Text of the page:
Water boards owed R1.1bn: Molewa

2012-05-16 14:33

Municipalities owe South Africa’s water boards R1.1 billion, Water Affairs Minister Edna Molewa has said.

Briefing the media at Parliament today ahead of debate in the National Assembly on her department’s budget vote, she said while this did not look good, it was “just about” 10% of the boards’ annual revenue.

“Water board debt is about R1.1 billion. It’s a lot of money, but the water boards’ income per annum is over R8.8 billion. That’s the revenue collection,” Molewa said.

“So we’re really looking at income levels and money owed. I’m not trying to suggest that [the debt situation] is not bad, but given that we are able to collect ... over R8 billion ... this debt is just about 10% of that.”

It is understood the R1.1 billion figure the minister gave is the arrears debt, that is older than 60 days.

Molewa said her department was “engaging” with municipalities, and some were now paying their outstanding amounts.

She said a decision would be taken “in a few weeks” to re-align water boards and the areas they served, a plan which included the possibility of “cross-subsidisation” among these entities.

Meanwhile, Molewa said government is pushing ahead with plans to create “equity” in the distribution of water resources.

“We have now deemed it necessary that an equity enforcing mechanism be developed, which should focus particularly on access, or lack of it, to safe drinking water by poor historically-disadvantaged communities,” she said.

Molewa said this was an area that had “suffered neglect” over the past 18 years.

However, there was a problem because 98% of the country’s water was already allocated, which made finding water for new users difficult.

“If you need to allocate additional water ... for domestic use, then you have to ... find it from allocated users.”

But you could not simply take this already-allocated water.

In terms of the Water Act, allocated users had water-use entitlements, including the right to sell their entitlements.

“There are entitlements by holders and it therefore becomes difficult to re-allocate, given these entitlement holders’ ability and right to sell.

“So you need some mechanism that really somehow reverses this practice, especially with regard to the selling of the entitlements.”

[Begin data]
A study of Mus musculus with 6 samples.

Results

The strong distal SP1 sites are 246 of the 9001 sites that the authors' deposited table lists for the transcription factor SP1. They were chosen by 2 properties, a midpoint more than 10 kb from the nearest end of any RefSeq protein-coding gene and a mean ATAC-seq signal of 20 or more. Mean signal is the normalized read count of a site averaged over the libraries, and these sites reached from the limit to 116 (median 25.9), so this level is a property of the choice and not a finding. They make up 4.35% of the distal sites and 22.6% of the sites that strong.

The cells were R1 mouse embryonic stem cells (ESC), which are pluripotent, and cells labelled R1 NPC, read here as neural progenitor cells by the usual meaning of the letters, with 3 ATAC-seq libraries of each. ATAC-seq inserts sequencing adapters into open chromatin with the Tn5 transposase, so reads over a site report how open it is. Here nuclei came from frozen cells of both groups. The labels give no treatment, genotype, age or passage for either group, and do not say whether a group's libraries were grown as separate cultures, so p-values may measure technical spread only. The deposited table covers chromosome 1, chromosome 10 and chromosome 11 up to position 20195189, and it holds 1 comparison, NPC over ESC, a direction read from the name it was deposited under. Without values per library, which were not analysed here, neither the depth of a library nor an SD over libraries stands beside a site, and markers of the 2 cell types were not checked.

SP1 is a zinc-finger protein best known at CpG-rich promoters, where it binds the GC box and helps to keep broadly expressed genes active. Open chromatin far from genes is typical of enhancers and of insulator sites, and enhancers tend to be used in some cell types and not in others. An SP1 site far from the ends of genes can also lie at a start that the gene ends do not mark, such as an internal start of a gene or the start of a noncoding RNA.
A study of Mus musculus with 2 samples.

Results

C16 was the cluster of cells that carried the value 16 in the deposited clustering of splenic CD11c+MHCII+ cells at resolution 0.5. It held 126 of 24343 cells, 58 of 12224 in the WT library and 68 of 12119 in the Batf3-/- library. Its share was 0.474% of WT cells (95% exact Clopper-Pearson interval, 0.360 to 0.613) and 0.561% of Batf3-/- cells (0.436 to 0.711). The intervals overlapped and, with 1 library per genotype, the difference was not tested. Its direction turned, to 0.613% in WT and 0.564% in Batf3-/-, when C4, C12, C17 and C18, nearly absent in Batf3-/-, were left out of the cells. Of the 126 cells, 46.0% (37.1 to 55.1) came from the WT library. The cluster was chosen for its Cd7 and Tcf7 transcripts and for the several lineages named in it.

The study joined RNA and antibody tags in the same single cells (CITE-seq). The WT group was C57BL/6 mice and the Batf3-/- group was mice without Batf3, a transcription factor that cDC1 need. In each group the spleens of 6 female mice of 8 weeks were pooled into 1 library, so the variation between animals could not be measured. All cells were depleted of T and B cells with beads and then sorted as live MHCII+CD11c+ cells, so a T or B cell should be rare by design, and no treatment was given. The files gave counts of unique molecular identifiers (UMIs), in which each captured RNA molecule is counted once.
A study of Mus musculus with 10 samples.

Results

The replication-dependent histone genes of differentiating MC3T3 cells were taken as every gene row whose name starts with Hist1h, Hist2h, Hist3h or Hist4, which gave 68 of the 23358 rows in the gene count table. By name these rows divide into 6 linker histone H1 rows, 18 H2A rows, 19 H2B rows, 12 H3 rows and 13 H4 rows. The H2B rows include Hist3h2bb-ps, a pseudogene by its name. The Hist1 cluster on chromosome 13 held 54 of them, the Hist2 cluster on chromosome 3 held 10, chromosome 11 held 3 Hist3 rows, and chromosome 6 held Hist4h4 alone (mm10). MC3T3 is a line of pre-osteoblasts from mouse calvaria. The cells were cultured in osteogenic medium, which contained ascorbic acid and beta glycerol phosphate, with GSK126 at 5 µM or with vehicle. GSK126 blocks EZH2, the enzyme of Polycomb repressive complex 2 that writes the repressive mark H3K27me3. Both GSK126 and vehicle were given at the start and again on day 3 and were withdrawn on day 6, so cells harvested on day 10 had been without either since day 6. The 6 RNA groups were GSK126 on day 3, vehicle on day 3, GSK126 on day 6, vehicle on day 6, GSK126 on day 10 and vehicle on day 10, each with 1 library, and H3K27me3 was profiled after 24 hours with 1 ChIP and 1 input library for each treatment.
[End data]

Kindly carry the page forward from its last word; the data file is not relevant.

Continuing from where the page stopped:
Currently, entitlement holders were registered as water users. The department could also allocate water using the licence process.

“But we have been doing this for quite a while. It still doesn’t continuously give you additional water ... it doesn’t give you what you need to re-allocate.

“This is why, in some areas, developments are at a standstill waiting for allocation of water. Those entitlements are with [other users]. We can’t allocate what is already allocated.

“So clearly we need some mechanism. This we are thinking very hard about. What we know is that it’s going to end up with some amendment of the legislation that we have, to allow this process to happen.”

Last month, Molewa signalled there would be major changes to policies and laws regulating water use. She said it was necessary to carefully consider developing “a national redress and equity water strategy” to help the poor access quality water and sanitation.

Currently, the agriculture sector consumes most (62%) of the water allocated in the country, with a further 27% allocated for domestic use (23% for urban and 4% for rural areas) and 2.5% for mining.

The industrial sector is allocated 10%, including 3.5% for industries, two percent for power generation and three percent for afforestation. Each sector pays different rates for water.
Molewa said at the time that her department was reviewing the National Water Act, the Water Services Act and the Water Research Act.

Today, she said her department had made “serious inroads” into reducing the backlog of applications for water-use authorisations and licences.

“We have finalised 1 049 applications by means of our backlog application project,” she said.